Wednesday, August 4th, 2010
19

Manhattan's Millionaires-on-Paper (May Be Mostly In Brooklyn!)

TWO OF THEM?In looking at the recent wild estimate that there are 667,200 "millionaires" in New York City-supposedly up nearly 20% from 2008-it's important to pull back and look at what makes someone a millionaire on paper. The number one marker in New York City of this semi-mythical, marvelous status is home ownership.

We'll do this in some very nice round numbers!

There's 1.2 million houses in New York City, of the city's 3.3 million housing units. (So: twice as many apartments as houses, basically.)

So, already, you know: someone owns 3.3 million housing units! Clearly lots of these are owned in big batches-landlords like Pinnacle, for a random example, own 21,000 housing units in different buildings.

Still, despite the big landlords, home ownership rate among all New York City residents is almost exactly 1 in 3.

(It skews hard by borough, obviously: in Staten Island, it's more than 2 in 3; in Queens, it's about 1 in 2; in Manhattan, it's 1 in 4.)

Home owners are, unsurprisingly, way more likely to be wealthy. The median income of renters is around $36,000. (By the way, of all renters, nearly 1 in 3 pay more than half their income in rent.) The median income of a home owner is twice that of a renter.

In Manhattan, there's about 750,000 households, where about 1.5 million people live. (There are something like 80,000 single-family dwellings-you know, "houses." All told, about 150,000 of Manhattan's housing units are owner-occupied. You can pretty much guarantee that anyone who owns a single-family dwelling in Manhattan is a millionaire.)

1.2 million of Manhattanites are over 18-and only about half of the people who are older than 25 have a college degree.

So we can discount from our "rich list" those without college degrees, pretty much, because, duh-which means that, eerily, the number of people who are allegedly millionaires-on-paper in New York City is almost exactly equal to the number of adults who reside in Manhattan who have a college degree.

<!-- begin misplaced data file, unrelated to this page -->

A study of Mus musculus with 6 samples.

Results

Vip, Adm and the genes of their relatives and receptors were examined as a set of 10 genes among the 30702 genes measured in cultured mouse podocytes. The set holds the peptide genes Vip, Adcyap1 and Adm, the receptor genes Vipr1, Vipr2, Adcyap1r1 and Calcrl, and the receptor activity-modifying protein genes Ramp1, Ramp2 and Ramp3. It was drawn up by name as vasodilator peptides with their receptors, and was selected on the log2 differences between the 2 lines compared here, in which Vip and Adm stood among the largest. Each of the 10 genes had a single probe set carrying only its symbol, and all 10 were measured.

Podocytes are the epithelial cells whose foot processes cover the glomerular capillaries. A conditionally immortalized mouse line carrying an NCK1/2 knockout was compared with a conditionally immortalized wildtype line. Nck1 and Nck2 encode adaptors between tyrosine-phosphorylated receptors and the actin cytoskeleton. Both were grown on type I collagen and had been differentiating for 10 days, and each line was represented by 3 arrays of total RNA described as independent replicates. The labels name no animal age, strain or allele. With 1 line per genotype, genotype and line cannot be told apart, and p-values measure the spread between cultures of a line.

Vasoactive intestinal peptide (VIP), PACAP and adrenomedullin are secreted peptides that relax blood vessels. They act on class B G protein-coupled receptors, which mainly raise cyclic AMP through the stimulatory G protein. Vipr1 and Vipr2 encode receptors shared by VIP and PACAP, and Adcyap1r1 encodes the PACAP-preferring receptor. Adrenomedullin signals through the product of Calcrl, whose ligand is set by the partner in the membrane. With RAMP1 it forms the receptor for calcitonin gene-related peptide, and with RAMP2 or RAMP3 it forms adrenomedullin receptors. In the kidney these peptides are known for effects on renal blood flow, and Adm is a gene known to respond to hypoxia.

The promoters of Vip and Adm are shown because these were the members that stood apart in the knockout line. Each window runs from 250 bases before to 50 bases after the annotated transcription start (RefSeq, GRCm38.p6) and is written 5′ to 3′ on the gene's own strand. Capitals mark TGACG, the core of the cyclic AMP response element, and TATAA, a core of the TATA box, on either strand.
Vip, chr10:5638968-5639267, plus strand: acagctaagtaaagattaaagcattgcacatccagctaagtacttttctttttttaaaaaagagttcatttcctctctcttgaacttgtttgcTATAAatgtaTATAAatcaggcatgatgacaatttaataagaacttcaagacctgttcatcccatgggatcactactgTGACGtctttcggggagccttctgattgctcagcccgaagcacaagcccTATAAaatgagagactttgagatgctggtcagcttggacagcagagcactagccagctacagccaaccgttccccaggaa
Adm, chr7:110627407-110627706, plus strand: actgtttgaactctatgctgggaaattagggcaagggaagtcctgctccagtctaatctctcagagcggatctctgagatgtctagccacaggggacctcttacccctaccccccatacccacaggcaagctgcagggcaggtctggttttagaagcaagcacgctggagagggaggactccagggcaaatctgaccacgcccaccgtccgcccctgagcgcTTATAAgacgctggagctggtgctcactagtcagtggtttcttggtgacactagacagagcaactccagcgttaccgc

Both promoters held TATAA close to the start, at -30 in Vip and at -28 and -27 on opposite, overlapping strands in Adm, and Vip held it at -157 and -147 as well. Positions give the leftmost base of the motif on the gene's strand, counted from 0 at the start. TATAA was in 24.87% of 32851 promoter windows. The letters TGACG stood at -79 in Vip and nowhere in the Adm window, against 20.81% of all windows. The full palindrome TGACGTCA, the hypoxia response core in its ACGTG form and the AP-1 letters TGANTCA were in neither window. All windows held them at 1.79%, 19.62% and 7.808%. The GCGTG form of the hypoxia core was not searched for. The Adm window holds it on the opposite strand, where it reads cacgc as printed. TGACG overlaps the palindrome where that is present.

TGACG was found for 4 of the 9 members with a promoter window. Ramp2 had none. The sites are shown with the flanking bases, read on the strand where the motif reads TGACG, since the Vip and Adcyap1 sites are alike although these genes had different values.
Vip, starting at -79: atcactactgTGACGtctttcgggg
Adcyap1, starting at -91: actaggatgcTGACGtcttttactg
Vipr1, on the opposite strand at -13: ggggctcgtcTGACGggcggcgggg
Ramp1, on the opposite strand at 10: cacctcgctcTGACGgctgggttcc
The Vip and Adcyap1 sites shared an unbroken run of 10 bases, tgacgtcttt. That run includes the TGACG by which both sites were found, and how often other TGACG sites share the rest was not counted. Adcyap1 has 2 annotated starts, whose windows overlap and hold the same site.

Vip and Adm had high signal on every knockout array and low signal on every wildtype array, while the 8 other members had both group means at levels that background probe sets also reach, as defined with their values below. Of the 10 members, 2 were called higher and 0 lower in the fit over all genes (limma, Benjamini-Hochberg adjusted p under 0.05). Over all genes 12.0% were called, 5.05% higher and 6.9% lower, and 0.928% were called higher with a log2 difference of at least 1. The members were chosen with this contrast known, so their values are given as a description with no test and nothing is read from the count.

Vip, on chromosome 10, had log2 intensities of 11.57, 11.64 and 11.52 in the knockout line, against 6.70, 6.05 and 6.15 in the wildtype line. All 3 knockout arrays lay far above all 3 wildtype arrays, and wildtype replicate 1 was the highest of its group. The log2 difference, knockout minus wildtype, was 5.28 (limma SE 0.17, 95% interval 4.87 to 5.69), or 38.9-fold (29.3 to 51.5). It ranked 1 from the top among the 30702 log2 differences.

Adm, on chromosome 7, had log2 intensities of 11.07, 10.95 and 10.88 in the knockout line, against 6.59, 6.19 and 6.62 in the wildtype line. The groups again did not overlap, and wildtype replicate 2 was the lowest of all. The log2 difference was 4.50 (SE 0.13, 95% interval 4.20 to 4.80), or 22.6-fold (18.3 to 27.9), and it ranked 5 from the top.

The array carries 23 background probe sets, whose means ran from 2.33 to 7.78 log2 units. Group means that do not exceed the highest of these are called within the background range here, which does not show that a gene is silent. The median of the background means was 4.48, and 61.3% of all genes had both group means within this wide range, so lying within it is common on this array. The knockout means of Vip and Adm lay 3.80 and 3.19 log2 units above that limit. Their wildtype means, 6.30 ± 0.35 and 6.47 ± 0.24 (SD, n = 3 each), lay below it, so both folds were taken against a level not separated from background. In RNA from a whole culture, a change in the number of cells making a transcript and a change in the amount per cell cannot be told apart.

So, wait, some of you are saying: I'm over 25 and have a college degree and I live in Manhattan and I'm not a millionaire!

That's because you're a disgrace. If you're over 25, college-educated, a native English speaker, you reside in Manhattan and are not a millionaire? Technically you are a huge failure.

But don't worry too much. The real reason you're not a millionaire is because there's apparently a really large number of millionaires-on-paper in Brooklyn Heights, Cobble Hill, Carroll Gardens and Park Slope, obviously.

19 Comments / Post A Comment

scroll_lock (#4,122)

I would think if you're making $36K and renting in NYC you must have 10 roommates.

deepomega (#1,720)

Or 10 sugar daddies.

scroll_lock (#4,122)

Yes, please.

David (#192)

or two parents that fund your living in Manhattan

Bettytron (#575)

Nah, just live in Harlem or Wash. Heights. It's doable on much less than 36k.

Does this study take into account renters who have roommates whom are not on the lease? I'm thinking that most of those who are paying more than half of their income to rent have at least one roommate helping with that payment. Are these roommates counted in the 1.5 million Manhattan residents?

Also, yes, Milania does have two of them.

cherrispryte (#444)

As someone who is paying over half of my after-tax income on rent, no, not always roommates.

Tuna Surprise (#573)

If you look at the source material, it says there are 667k "high net worth individuals" in the New York metro area (which they define as having 15,438,388 people). The footnote to their chart defines "high net worth individuals" as those having investable assets of $1 million or more, excluding primary residence, collectibles, consumables, and consumer durables.
http://www.us.capgemini.com/news/current_news.asp?ID=840

But I do agree with you that people over 25, college-educated, a native English speaker, living in Manhattan and are not millionaires are failures.

deepomega (#1,720)

HNWIs just reminds me of Gary Shteyngart's books.

Niko Bellic (#1,312)

Just to verify how much is everything we own really worth: can everyone please try to sell their homes and their stocks right now?

garge (#736)

It's really helpful when the terms of failure are delineated as the ambiguity is actually more painful.

deepomega (#1,720)

I still have a year and a half! I can make it!

If you're over 25, college-educated, a native English speaker, you reside in Manhattan and are not a millionaire? Technically you are a huge failure.

But my parents told me I was special… :(

rook (#4,214)

What is Don doing with Roger Sterling's wife? Is this a Mad Men spoiler?

kneetoe (#1,881)

But the New York Metro Area they evaluate has 15 million plus people, so it's much more than the five boroughs. Also, footnote 1: "[1] HNWIs are defined as those having investable assets of $1 million or more, excluding primary residence, collectibles, consumables, and consumer durables" excludes primary residence from the calculation.

Tuna Surprise (#573)

This would be an appropriate time for you to admit you don't read my comments and apologize. I'll just wait right here.

kneetoe (#1,881)

Oops! Sincerest form of flattery and all that.

6h057 (#1,914)

Crust punks need not apply.

Mister_Neutron (#5,921)

I foresee a mass exodus to Fort Smith.